Yes, Tokyo must go on

THE GAME OF MY LIFE - Bill Velasco (The Philippine Star) - April 17, 2021 - 12:00am

There are less than a hundred days left before the opening of the Tokyo Olympics, and some sectors and media are still lobbying for its cancellation. A major British media outlet posted a story this week about the move by some North American pundits to have Tokyo not push through. Others point out all the bad news: how Canada and Saudi Arabia have banned international flights, and Latin American nations are danger zones. Spain has announced a possible extended state of emergency. The United Kingdom and Germany announced a one-month lockdown, France for two weeks, followed by Italy. And so on.

Then on Wednesday came the cancellation of a part of the Olympic torch relay in Matsuyama city in western Japan due to a spike in the increase of COVID cases there. In past days, the relay has been rerouted away from public roads and through enclosed areas and parks. Then on Thursday, Toshihiro Nikai, secretary-general of Japan’s ruling Liberal Democratic Party, supposedly said that there is still a possibility that the Games could be scrapped if the pandemic situation worsens.

Some postulate that the organizing committee will eventually fold, and that they are just gradually letting people down. There will be no crowds or visitors, and many other compromises. But in this writer’s opinion, it is much worse to keep people hoping when there is actually nothing to hope for. That would be stringing people along. And the Japanese are known for being forthright. So this is unlikely. Their culture does not tolerate deception.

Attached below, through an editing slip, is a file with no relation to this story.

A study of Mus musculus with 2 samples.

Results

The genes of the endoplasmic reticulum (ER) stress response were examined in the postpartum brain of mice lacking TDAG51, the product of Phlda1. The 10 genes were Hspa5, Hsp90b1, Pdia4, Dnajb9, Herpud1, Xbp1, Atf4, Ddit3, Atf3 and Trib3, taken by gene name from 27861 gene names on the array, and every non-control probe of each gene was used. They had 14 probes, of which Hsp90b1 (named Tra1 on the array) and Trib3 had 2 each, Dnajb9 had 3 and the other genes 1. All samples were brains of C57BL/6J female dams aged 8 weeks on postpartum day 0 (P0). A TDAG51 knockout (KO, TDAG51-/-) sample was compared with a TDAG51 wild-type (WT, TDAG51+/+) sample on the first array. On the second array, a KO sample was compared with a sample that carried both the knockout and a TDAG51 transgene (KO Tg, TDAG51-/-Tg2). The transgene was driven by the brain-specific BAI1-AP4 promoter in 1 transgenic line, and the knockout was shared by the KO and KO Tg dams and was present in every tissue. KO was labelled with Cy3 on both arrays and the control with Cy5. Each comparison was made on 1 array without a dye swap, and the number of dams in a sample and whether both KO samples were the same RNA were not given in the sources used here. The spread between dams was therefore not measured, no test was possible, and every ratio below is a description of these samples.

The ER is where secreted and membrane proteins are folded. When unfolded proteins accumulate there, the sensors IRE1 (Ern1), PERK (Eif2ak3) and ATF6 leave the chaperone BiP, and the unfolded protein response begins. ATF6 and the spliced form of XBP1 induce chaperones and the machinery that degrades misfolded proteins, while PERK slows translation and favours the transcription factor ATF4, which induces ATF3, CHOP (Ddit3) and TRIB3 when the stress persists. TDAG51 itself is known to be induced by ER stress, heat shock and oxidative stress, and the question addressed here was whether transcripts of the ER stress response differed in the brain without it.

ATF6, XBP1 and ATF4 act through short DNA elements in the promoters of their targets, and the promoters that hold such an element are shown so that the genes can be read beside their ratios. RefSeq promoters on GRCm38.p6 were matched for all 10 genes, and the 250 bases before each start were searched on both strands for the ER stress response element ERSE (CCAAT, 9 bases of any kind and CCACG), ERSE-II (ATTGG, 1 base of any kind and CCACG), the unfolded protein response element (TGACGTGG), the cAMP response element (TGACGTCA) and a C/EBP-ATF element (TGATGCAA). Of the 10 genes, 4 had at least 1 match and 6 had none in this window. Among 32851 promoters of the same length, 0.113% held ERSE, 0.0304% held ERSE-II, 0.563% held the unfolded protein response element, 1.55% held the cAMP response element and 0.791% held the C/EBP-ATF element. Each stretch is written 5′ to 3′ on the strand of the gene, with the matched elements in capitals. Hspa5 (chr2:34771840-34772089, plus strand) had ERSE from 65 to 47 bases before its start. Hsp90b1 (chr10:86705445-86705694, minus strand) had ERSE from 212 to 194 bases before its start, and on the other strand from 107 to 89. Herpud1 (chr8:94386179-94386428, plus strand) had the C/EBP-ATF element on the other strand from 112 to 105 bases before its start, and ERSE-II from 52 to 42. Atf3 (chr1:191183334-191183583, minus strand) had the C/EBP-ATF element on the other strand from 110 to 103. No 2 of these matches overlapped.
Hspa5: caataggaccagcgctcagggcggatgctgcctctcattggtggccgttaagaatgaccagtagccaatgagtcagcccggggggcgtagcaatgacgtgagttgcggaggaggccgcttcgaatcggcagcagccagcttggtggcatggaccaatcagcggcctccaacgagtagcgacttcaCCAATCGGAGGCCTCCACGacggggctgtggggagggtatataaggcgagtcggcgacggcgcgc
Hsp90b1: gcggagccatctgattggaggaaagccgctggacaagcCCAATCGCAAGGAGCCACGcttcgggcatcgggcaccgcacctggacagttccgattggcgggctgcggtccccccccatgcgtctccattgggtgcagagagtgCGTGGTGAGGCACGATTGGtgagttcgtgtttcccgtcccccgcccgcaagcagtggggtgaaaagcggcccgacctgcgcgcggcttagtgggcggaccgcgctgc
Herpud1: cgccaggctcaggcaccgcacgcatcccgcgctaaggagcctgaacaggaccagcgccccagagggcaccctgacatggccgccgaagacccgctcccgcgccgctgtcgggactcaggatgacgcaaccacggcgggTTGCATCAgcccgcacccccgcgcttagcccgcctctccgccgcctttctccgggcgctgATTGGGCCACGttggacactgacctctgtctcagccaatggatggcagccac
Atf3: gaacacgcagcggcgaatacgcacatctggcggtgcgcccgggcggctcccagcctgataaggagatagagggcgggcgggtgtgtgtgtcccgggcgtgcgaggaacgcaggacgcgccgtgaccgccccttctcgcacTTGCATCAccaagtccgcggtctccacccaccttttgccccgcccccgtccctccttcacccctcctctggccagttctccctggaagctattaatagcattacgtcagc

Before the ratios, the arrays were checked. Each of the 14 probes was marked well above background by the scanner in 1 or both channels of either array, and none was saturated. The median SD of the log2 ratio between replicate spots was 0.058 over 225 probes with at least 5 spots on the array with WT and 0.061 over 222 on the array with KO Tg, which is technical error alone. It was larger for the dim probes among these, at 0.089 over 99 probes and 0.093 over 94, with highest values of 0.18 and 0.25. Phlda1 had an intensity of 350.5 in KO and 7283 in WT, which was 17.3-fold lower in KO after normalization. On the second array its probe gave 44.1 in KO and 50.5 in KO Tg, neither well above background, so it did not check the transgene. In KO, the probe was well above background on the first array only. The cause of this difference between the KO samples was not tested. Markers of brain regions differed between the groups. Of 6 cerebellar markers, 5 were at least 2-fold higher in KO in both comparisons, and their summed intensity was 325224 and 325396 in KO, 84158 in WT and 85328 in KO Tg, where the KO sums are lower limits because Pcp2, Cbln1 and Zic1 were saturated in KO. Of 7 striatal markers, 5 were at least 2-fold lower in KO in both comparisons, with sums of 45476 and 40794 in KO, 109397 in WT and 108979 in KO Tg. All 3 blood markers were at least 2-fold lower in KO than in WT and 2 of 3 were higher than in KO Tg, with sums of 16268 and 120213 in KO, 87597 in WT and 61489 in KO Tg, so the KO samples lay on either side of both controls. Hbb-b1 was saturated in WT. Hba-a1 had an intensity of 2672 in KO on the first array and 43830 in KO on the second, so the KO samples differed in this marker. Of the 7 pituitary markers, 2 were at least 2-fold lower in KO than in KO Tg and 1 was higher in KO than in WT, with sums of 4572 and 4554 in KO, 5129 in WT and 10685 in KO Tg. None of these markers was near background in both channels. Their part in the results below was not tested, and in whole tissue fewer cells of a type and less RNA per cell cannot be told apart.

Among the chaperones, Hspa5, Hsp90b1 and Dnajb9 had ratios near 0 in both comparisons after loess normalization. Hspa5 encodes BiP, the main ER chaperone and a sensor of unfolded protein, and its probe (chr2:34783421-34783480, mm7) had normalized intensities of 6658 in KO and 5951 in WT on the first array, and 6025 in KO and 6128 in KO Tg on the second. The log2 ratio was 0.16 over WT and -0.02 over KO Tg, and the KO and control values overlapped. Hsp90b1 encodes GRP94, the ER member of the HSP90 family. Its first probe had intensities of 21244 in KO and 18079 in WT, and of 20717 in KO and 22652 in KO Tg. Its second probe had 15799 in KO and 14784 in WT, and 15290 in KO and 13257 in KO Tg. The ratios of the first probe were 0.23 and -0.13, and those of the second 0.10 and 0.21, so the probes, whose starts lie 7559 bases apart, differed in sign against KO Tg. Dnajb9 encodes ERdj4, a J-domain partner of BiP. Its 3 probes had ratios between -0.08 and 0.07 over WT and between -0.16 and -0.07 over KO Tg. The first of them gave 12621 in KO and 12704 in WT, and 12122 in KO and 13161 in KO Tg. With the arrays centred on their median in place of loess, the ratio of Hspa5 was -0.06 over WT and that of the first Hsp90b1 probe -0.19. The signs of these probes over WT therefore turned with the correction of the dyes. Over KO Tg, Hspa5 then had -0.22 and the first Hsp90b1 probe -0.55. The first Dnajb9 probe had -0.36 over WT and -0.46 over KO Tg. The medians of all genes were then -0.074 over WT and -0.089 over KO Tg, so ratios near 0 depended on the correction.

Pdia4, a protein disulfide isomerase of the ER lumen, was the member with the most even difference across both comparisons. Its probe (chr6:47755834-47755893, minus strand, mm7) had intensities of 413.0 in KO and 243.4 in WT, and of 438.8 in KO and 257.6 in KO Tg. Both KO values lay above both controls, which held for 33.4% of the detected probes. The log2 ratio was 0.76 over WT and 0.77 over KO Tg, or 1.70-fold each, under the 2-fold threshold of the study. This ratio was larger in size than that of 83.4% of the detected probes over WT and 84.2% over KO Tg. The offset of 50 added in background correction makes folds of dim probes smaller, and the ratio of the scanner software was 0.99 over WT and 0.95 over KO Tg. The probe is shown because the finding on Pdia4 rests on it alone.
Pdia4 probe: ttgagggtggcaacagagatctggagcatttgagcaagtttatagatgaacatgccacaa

On the organizational side, sports leagues like the NBA have proven that bubble set-ups can work. For Tokyo, it’s simply a matter of replicating the best practices in multiple venues. They are spending an additional $800 million on 200 doctors and 300 nurses who will enforce health protocols at all venues on a daily basis. They are in uncharted waters, true. But they are also a known world leader in organization, health, technology, and security. Besides, let’s face it, some countries and athletes are merely crying sour grapes because they’ve decided not to participate.

The world has already surrendered so much to this modern plague, so much so that many people may never recover. The Olympics thus means so much more now. It is a symbol of mankind standing its ground and finding a way to be faster, higher, stronger in the face of the greatest adversity it has ever known. The Olympic torch, when lit, can rekindle the fire of hope and determination of a tired, fearful mankind that is sick of merely surviving just to do it again tomorrow. It is a reminder that we can fly, be free, overcome. It is needed more than some realize.

Besides, if you were in a position to decide, what would you do? Years after, what would you tell your grandchildren? Will it be a story of giving up, retreating, waiting for someone else to make a breakthrough? Or will it be a story of courage, innovation and integrity, a rallying point for billions? I think if we were in that position, it would be our responsibility – nay, our sacred, moral obligation – to lead.

There is too much at stake to do otherwise.